Although the President earlier referred to the legislation as creative, his concerns surrounding anti-money laundering procedures have prompted the cabinet to reopen a discussion on the bill.
The President of Panama, Laurentino Cortizo, has partly vetoed Bill No. 697, sometimes known as the “crypto bill,” stating that it required further work to conform to Panama’s financial standards.
After Panama’s National Assembly approved the crypto law in late April 2022, President Cortizo warned in May that he wouldn’t sign it unless it contained extra Anti-Money Laundering regulations.
Local media source La Prenda received a copy of the 32-page veto and said the President noted that it is “crucial” that cryptocurrency legislation complies with new FATF standards establishing “fiscal transparency and prevention of money laundering.”
President Cortizo has previously referred to the measure as an “innovation law” and signalled his support for some sections of the bill. However, he has said that criminal cryptocurrency usage must be addressed.
Congressman Gabriel Silva, who helped propose the law in September 2021, said on June 16 (through translation) that the veto was “a missed chance to create employment, attract investment, and integrate technology and creativity into the public sector.”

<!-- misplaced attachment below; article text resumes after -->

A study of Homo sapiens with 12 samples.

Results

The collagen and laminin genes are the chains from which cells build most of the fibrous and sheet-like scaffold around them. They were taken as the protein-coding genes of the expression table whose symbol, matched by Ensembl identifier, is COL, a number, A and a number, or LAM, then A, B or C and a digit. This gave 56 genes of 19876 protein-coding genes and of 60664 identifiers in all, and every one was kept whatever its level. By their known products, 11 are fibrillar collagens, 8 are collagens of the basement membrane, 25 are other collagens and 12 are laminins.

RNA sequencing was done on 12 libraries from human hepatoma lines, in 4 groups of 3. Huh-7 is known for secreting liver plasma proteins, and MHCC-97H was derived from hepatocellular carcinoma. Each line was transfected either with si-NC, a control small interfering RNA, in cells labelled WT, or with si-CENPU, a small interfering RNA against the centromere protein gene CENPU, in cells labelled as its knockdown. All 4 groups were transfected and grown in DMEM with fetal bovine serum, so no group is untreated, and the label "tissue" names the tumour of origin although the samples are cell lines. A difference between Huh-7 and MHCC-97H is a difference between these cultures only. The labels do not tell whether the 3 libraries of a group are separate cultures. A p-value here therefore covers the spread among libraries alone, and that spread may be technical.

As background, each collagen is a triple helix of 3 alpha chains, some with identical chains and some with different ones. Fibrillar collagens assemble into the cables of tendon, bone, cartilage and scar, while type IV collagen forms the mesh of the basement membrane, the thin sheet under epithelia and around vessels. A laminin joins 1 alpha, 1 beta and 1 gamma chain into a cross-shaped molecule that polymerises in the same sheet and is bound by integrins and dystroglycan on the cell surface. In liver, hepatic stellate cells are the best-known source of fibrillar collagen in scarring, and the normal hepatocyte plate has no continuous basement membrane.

“The nation needs greater chances and financial inclusion,” Silva said, adding that Congress will examine the veto to make modifications, which will then be forwarded on for discussions.
If the measure is ultimately enacted, Panama will become the second nation in Central America to restrict the use of cryptocurrency. El Salvador was the first nation to officially recognise Bitcoin (BTC) as legal money.
In contrast to El Salvador, Panama’s proposed legislation would encompass cryptocurrencies other than Bitcoin and would not oblige local firms to accept digital assets.
According to the measure, Panamanians “may freely agree on the usage of crypto assets, including Bitcoin and Ethereum (ETH),” as an alternative form of payment for “any civil or commercial transaction.”
The measure would also govern the tokenization of goods like precious metals and cover the issue of digital currency. The government’s innovation authority would also conduct research on the digitalization of identification using blockchain or distributed ledger technologies.